So where is the transportation funding going to come from?

I posted earlier that the New York Times editorial board certainly seems a gloomy future for cities and states that depend on federal funding. Now, here’s a second media story that focuses on transportation funding — and the news isn’t much better.

As KPCC reporter Kitty Felde explains, the federal gas tax has not increased since 1993. Even in the best of economic times — and 2011 is not — politicians are loathe to raise the gas tax. But without a hike, the federal Highway Trust Fund will be depleted, which is kind of a problem: the Fund is used to pay for transportation projects across the U.S. Excerpt:

China spends 9 percent of its gross domestic product on infrastructure projects; India spends 5 percent. The U.S.? About 2.4 percent of our GDP goes to infrastructure. And as a congressional supercommittee looks for ways to cut $1.5 trillion from the federal deficit, that number is likely to continue to shrink.

With a shrinking highway fund, Republicans in the House of Representatives have proposed a multiyear transportation spending bill with big-time cuts. Meanwhile, Democrats in the Senate — led by California’s Barbara Boxer — have proposed a two-year bill that maintains current funding levels for transportation. Both bills, by the way, include some of the provisions needed for Metro’s America Fast Forward program to become law, allowing the agency to accelerate its building of transit projects funded by the Measure R sales tax increase.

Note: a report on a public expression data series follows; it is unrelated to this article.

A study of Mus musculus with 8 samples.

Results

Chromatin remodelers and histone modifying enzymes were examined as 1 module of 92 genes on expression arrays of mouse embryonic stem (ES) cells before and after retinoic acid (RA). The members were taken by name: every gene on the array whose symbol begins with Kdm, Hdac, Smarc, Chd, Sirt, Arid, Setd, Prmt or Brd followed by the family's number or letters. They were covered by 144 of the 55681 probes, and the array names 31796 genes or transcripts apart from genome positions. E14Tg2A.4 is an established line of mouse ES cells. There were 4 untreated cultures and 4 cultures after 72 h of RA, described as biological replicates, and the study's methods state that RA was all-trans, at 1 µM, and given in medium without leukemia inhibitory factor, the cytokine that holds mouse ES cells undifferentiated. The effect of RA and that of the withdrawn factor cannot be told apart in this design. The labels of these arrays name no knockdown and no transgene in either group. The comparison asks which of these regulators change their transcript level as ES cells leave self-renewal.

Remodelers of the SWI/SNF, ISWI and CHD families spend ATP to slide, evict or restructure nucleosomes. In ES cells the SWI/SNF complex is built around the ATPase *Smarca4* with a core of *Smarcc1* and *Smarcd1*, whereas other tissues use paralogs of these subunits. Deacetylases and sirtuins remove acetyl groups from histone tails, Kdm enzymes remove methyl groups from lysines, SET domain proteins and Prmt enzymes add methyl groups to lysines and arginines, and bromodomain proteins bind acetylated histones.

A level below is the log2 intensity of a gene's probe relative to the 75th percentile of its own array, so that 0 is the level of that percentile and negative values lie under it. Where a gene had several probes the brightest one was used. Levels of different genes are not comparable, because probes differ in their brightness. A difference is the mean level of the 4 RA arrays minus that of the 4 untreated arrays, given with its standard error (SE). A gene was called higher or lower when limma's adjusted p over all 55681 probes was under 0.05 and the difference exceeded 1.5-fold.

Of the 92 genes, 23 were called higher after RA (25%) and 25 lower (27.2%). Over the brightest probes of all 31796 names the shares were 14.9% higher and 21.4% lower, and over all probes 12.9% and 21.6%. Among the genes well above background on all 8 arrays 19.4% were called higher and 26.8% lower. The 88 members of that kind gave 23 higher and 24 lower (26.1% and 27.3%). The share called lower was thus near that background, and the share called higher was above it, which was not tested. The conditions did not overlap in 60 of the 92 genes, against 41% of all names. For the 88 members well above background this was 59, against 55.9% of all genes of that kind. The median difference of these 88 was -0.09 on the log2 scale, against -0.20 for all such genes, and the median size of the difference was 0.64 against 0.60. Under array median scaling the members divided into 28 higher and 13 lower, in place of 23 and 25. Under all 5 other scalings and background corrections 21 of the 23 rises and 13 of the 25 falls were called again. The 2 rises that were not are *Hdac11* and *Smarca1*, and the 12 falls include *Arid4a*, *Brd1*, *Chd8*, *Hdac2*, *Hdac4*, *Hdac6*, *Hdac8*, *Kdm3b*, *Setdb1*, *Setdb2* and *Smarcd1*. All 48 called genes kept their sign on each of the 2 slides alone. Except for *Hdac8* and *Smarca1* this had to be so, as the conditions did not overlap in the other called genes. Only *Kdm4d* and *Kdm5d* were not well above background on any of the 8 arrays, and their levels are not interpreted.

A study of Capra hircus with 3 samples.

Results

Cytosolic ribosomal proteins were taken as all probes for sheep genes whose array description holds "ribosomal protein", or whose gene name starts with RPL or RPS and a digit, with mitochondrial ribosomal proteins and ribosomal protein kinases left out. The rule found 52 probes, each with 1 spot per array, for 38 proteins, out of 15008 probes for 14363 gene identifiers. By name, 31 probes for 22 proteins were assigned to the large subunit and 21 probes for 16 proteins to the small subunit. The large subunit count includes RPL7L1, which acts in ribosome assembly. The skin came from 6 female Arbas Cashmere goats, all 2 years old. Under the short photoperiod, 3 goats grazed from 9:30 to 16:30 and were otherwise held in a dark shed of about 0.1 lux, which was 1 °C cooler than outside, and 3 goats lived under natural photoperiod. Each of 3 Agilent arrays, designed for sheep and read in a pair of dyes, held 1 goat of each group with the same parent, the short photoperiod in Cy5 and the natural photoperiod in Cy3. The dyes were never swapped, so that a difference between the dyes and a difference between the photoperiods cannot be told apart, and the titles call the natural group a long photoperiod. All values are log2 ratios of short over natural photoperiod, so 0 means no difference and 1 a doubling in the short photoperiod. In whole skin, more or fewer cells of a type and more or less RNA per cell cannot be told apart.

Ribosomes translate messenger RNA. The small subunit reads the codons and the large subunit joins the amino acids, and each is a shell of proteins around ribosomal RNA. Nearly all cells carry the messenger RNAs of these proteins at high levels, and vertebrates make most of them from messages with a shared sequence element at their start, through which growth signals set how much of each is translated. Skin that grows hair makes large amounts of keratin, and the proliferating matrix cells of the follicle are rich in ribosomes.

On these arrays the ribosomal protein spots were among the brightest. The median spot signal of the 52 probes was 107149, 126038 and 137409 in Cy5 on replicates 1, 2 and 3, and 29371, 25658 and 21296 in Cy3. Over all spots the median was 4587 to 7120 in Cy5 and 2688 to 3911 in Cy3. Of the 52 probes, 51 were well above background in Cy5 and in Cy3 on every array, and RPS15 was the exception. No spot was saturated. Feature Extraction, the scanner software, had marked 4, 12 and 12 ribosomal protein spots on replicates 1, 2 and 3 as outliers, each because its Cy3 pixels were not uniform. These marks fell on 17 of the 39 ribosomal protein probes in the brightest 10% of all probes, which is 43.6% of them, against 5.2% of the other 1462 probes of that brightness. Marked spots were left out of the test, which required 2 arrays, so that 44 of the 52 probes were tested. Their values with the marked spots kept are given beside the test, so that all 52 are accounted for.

But neither of the bills proposed contains ALL of what’s needed for America Fast Forward. If transportation agencies such as Metro do not get direct funding from the feds, nor can they even borrow and use other federal financing tools, then what happens next?

1 reply

  1. India and China’s infrastructure is pretty non-existant (see what happens during an earthquake) and their using a high % makes sense.